We all like to be entertained.
We all like to consume media.
But the types of entertainment available to us, as well as the way we access it, has changed dramatically over the past two decades. From the internet, to smartphones and tablets, to streaming video services, to the growing popularity of gaming, this space has never offered more choice. Thank you, technology!
In an upcoming post we’ll take a deeper look at the impact that these trends are having on jobs in the sector. Today we start with the big picture view.
One of the first issues faced when talking about ‘Entertainment + Media’ is how to define it. Government statistics are based on industry groupings and definitions that don’t always line up neatly with a modern, digital world. So, we’ve had to snoop a bit deeper for some numbers. Here’s what we found:
- Combining advertising, media, arts and entertainment sectors, industry employment in Australia is around 450,000, or 3.5% of the nation’s workforce.
- By 2017, the value of the entertainment and media market is projected to reach $35.74 billion. This is up from $28.44 billion in 2008. (See chart below)
- Consumer spending on entertainment and media products is growing at an annual rate of 3.8%, heading towards an estimated total of $27.1 billion by 2019.
So what are the developing trends in Entertainment and Media? We’ve had a look around to learn about the biggest changes.
Devices + ‘On-Demand’ = How we watch
The first trend to note is the continued change in method of consumption.
We want what we want, when we want it…and it’s never been easier to get it. Using streaming services on our portable devices means that we can watch, listen or play what our heart desires, no matter where we are.
A recent media consumer survey conducted by Deloitte reveals some interesting things about how we like to be entertained, the devices we like to use and how social media networks allow us to access news and share with friends.
In Australia, watching TV still counts as our most popular form of entertainment…but use of the internet has drawn level, to be equal first. In fact, old school linear TV programming (i.e. watching what ‘they’ want to show you and when) now only accounts for 44% of viewing. The rest? Well, that’s made up of a combination of streaming, downloads, on-demand and recorded content.
As you might expect, usage is split by age demographic, with older viewers more likely to get their programming via a TV set and younger generations (especially Millenials) accessing what they want on the internet, via desktop computers or portable devices.
Social media continues to grab a firmer hold on our time, as these numbers show:
- 80% of us have at least 1 social media account
- 59% use social media daily
- 48% of people think that businesses use of social media has improved their perception of the brand.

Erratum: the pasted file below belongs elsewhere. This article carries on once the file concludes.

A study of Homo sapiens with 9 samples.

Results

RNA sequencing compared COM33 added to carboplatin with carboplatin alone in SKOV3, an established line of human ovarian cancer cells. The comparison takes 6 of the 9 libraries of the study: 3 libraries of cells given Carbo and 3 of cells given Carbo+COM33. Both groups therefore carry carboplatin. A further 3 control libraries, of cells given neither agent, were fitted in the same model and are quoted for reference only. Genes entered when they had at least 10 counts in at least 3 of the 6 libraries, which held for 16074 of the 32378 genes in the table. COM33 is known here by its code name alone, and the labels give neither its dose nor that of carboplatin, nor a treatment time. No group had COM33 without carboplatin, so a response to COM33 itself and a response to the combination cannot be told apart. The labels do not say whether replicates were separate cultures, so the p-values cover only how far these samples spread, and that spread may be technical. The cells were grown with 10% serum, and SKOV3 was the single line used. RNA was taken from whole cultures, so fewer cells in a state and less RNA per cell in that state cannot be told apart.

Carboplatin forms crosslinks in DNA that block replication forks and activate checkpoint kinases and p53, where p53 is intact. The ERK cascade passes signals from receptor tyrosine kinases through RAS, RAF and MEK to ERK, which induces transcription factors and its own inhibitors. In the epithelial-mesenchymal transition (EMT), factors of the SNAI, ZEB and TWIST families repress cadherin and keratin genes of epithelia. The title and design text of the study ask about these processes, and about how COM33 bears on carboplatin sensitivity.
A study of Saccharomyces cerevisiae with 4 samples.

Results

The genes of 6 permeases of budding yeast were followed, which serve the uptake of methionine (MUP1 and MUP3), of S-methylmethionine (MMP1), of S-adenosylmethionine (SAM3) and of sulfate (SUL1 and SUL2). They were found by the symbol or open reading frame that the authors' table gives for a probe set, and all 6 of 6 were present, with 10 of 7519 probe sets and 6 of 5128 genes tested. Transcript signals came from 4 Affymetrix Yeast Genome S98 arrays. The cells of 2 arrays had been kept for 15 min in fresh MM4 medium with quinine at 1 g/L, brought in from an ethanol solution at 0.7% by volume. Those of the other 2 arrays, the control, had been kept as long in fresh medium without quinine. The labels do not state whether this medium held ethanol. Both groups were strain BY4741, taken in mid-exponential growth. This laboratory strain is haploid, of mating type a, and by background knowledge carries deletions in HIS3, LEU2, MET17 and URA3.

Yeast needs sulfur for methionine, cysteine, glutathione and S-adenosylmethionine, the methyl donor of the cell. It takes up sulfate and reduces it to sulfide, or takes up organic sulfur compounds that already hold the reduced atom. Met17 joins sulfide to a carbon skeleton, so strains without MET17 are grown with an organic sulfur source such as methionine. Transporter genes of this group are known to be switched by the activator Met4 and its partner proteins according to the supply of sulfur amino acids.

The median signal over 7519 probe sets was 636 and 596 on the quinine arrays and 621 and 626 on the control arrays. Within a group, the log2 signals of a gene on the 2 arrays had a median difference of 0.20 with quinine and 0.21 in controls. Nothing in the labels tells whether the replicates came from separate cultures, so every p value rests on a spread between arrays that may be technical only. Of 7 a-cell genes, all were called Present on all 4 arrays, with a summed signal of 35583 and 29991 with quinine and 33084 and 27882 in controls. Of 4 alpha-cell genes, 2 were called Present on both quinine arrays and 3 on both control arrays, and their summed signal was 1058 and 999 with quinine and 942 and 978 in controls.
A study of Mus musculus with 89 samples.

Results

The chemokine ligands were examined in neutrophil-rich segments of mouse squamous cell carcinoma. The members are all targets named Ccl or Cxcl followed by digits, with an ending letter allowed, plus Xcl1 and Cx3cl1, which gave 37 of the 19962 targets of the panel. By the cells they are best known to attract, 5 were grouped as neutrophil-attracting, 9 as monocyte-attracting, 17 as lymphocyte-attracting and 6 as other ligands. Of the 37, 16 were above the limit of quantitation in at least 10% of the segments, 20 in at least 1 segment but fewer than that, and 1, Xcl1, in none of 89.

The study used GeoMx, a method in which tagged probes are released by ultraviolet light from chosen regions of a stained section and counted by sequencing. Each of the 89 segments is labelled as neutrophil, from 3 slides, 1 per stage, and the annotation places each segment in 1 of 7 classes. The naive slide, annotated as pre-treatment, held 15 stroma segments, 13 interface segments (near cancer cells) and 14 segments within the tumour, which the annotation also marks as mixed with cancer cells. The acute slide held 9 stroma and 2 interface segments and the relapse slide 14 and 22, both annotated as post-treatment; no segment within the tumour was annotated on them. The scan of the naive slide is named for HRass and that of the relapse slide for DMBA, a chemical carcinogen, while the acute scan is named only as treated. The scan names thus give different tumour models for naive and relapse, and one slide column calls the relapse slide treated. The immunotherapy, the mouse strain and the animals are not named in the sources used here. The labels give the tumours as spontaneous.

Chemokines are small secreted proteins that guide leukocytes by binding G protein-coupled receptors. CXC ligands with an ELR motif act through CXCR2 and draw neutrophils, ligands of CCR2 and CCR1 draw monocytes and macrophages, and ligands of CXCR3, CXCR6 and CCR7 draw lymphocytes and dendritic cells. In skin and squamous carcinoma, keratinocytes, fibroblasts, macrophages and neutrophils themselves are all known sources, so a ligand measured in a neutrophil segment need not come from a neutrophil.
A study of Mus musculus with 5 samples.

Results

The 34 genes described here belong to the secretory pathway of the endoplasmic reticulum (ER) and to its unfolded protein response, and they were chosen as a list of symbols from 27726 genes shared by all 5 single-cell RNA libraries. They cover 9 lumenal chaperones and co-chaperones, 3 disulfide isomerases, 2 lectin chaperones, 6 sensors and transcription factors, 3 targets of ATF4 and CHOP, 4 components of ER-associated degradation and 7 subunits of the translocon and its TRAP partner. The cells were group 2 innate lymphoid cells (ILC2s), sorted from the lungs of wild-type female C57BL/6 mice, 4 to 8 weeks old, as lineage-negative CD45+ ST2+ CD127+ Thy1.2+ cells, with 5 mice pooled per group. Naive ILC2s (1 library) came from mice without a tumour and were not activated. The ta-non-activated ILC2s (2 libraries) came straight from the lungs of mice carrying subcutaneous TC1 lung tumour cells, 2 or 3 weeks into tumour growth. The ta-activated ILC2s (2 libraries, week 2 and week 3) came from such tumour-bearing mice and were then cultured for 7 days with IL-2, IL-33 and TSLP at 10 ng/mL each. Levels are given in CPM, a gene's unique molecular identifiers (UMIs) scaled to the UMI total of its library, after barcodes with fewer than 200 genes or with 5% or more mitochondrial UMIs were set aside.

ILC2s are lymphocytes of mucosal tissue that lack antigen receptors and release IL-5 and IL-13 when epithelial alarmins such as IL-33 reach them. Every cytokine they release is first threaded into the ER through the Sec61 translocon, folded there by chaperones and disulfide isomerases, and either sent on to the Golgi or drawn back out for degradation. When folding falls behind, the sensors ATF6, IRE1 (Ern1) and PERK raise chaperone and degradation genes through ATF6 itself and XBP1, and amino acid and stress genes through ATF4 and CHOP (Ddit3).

Whilst everything digital is on the rise, newspaper and magazine subscriptions are on the decline. Between 2013 and 2015, news subscriptions dropped 3% per year. That’s a great result compared to magazine subscriptions. They were down 20% per year!
You can watch a 3 minute summary video of the Deloitte findings, or choose to download the full report, here - http://bcove.me/q9yaoz9v.
As our methods of consuming information have changed, advertisers have had to adapt and develop new marketing approaches to reach their target audience. Whilst two-thirds of us still rely on TV commercials to learn about new entertainment content, smartphones are the preferred method of most people.
Here’s where it gets interesting. Whilst many of us would prefer to use our smartphones to learn about new shows and movies, we don’t want to see ads on our phones. A whopping 77% of us find ads on our smartphones more intrusive than TV advertising…and 62% of us don’t want to receive ads based on our location.
Jeeeez; we’re really hard to please sometimes.
Overall though, internet advertising is growing strongly. It’s on track to top 50% of total advertising spending by the year 2018 - by 2020 it will reach $10 billion.
The final trend that we're going to touch on is the continued growth in gaming. The Australian video game industry recently announced a 20% increase in sales of interactive entertainment, reaching $2.83 billion in 2015. The average Australian now spends 88 minutes each day on game play. (OK, which one of you is playing my 88 minutes?) The average age of video game players? 33 years old.
Incredibly - at least to me anyway - just under two thrids of Australian households have 3+ game devices!
So, what’s the skinny?
We like to watch the content we choose, when we choose it. And...we play A LOT of games.
The good news for businesses that give consumers what they want is that people are happy to pay. Print media continues to decline; no surprises there.
What does this all mean for people working (or wanting to work) in Entertainment and Media? We’ll take a closer look at some specific jobs in the sector in our next industry piece.